Macbeth, the Thane of Glamis, receives a prophecy from a trio of witches that one day he will become King of Scotland. Consumed by ambition and spurred to action by his wife, Macbeth murders his king and takes the throne for himself.
The Moorish general Othello is manipulated into thinking that his new wife Desdemona has been carrying on an affair with his lieutenant Michael Cassio when in reality it is all part of the scheme of a bitter ensign named Iago.
Josef K wakes up in the morning and finds the police in his room. They tell him that he is on trial but nobody tells him what he is accused of. In order to find out about the reason of this accusation and to protest his innocence, he tries to look behind the facade of the judicial system. But since this remains fruitless, there seems to be no chance for him to escape from this Kafkaesque nightmare.Written by
Joern Richts <email@example.com>
The "pin-screen," also called the "pin-board," used in the opening and closing sequences was invented by Alexander Alexeieff in the early 1930's. It is a board with pins stuck in it at regular intervals. The pins can be raised or lowered to form an image, which can then be lit and photographed. By manipulating the pins and photographing them one frame at a time, the device can be used for animation, and though it was not so used in "The Trial" Alexeieff and Claire Parker made at least two short animated films using the pin-screen, Une nuit sur le mont chauve (1933) and Le nez (1963). See more »
When Josef K. follows Hilda being carried out of the large trial room/hall by the law student, he hastily grabs and throws on his suit jacket. In the succeeding scenes, the jacket's buttons which are buttoned changes. See more »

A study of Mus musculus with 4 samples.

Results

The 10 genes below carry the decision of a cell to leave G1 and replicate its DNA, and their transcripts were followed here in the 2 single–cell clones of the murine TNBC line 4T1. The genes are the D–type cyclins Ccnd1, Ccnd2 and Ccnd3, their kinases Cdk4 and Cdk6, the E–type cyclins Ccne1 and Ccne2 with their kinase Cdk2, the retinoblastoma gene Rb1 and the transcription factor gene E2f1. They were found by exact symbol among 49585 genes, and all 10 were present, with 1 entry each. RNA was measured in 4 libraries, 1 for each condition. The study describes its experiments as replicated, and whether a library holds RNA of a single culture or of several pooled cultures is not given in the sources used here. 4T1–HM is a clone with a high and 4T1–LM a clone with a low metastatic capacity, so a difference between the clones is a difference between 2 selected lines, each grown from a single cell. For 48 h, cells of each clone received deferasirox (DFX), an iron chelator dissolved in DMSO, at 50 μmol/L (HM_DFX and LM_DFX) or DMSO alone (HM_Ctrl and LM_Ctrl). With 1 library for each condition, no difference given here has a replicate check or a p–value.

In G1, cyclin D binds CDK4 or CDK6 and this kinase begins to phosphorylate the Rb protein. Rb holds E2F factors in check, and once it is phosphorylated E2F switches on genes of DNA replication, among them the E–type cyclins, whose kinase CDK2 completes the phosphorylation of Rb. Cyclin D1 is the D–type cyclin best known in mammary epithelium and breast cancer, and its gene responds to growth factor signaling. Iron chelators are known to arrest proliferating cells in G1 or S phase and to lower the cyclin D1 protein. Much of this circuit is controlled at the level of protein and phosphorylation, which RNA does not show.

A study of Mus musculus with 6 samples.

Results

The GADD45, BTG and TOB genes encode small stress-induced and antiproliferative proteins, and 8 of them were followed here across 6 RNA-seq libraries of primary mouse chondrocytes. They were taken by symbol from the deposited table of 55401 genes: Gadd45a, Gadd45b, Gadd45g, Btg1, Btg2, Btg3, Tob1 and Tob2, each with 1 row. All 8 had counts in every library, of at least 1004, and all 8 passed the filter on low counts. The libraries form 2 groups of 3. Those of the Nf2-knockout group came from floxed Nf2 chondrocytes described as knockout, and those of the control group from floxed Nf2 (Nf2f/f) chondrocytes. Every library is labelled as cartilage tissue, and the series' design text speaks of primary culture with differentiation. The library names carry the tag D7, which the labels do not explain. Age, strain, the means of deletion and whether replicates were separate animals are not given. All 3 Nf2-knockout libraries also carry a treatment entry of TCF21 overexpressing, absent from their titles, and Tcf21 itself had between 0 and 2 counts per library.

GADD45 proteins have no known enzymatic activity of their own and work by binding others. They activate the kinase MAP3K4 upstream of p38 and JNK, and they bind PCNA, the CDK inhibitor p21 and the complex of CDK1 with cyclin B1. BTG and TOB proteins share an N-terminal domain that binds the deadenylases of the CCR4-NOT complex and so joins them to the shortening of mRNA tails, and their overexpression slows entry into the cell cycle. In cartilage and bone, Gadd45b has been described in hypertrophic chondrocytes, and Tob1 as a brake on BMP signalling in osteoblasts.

Before the law, there stands a guard. A man comes from the country, begging admittance to the law. But the guard cannot admit him. May he hope to enter at a later time? That is possible, said the guard. The man tries to peer through the entrance. He'd been taught that the law was to be accessible to every man. "Do not attempt to enter without my permission", says the guard. I am very powerful. Yet I am the least of all the guards. From hall to hall, door after door, each guard is ...
After reading some of the other user comments for this movie, I feel a bit out of my league. Unlike the other reviewers, I do not belong to Mensa, and I am not going to even TRY to show how this movie represents "social regimentation" or whatever.
Instead, I am simply going to say what I like best about it: the atmosphere. This is one of the most beautiful movies I have ever seen. Welles did a superb job of capturing an uneasy, nightmarish feeling. The camera angles and perspectives are perfect.
"The Trial" basically consists of scene after scene of surreal settings. We get to see endless rows of people working on typewriters, the inside of a crate while hundreds of eyes peer through the cracks, a labyrinth of tall bookshelves stacked with old law books, and tons of other dark surrealism that is amazing to look at.
As far as plot goes, Anthony Perkins is trapped in a corrupt judicial system, accused of an unspecified crime. He does a great job of making his character a paranoid wreck, and you can't help but feel paranoid yourself while watching the movie. Sometimes there is a spacious atmosphere, and other times it is extremely claustrophobic. And it is all perfectly done in black and white.
I highly recommend watching this, if only to look at the awesome sets. You will think you are in a nightmare yourself.